This year the Christmas season arrived a lot earlier than in the past... I shouldn't really say "Christmas," however; in Russia all the hype is about New Year's. Since religion was basically banned under communism, the government appeased the people by making a big deal out of New Year's -- and blending Christmas traditions into its celebration. All Russians celebrate New Year's, regardless of their faiths, so everyone puts up a tree and anticipates the holiday -- it's truly the most important day of the year.
Christmas doesn't fall until the first week of January, according to the Orthodox calendar, and it doesn't have any hype attached to it -- it's purely religious. Not such a bad thing, I might add...
I noticed fake trees and decorations in some stores the week before Halloween!!
I made a point of venturing out to a the discount shop to get our tree during the second week of November; had I waited any longer, I might not have found what I was looking for. (The stand attached to the base of the tree we've used the past four years cracked and I couldn't get a replacement part, naturally...) The girls and I will decorate it this week.
Another welcome sign of Christmas is in my hand right now...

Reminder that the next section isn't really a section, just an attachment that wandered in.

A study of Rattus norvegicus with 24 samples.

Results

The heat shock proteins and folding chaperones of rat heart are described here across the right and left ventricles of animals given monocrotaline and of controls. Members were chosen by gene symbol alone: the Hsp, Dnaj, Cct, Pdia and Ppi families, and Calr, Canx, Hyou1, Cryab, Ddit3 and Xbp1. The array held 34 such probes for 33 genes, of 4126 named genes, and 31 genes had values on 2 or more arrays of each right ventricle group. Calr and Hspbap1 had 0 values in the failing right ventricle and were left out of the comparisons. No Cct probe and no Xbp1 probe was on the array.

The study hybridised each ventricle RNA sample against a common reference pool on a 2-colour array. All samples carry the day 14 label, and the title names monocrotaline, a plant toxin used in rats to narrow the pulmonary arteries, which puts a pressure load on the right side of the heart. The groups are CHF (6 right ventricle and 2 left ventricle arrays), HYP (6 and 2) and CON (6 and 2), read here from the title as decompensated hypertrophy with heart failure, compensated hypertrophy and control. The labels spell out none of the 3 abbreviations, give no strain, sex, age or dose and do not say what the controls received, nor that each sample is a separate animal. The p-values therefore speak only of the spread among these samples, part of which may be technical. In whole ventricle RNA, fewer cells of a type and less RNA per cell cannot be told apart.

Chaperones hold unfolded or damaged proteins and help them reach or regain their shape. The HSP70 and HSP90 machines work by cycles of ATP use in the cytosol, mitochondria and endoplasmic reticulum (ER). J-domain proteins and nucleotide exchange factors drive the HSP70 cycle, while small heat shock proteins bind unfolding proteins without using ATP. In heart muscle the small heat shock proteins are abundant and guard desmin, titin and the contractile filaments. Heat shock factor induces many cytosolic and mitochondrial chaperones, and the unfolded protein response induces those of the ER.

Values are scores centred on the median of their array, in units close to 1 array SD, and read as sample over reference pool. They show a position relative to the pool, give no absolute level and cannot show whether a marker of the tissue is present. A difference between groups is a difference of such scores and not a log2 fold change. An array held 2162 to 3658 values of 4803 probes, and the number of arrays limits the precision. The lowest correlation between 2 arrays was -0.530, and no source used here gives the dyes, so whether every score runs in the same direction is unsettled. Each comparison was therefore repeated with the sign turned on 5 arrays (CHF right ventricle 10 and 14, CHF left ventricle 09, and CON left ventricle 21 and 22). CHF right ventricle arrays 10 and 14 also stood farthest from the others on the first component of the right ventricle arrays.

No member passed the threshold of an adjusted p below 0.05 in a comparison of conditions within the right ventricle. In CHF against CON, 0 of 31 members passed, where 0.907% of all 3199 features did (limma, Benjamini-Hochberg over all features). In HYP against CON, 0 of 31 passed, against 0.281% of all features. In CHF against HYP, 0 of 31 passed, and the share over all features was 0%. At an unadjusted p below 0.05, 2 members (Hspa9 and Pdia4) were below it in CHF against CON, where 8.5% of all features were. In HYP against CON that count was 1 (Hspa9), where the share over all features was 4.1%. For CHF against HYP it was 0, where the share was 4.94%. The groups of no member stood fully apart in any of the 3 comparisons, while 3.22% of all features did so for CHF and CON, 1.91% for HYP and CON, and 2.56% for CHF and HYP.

I decided to be adventurous and tried this flavor:
It's really nice to hear the American Christmas music throughout the cafe right now... They've played a bunch of "goodies but oldies" that my mom used to play when I was little. Elvis, anyone? I even heard some Beach Boys and Gene Autry.
The trees have been springing up throughout the city. They use these super-tall metal cones covered in fake branches and lights; I'd never seen anything like it in the US. The trees come in all colors, too; Natalia's favorite tree is a cone covered in alternating turquoise, white and lilac lights (couldn't get a picture since I was driving). Here you can see a tree that wasn't quite finished.
Here's a finished tree, not yet lit.
This past weekend the lights came on, much to my daughters' delight! We purposely took "the long way home" from Thanksgiving dinner on Saturday so we could stop and admire the tree at Pushkin Square -- you can see Natalia in front of it. (Every four minutes the decorations on it change both pattern and color; my movie clip of it didn't come out well).
I'll do plenty more posts about the holiday decorations here, so stay tuned!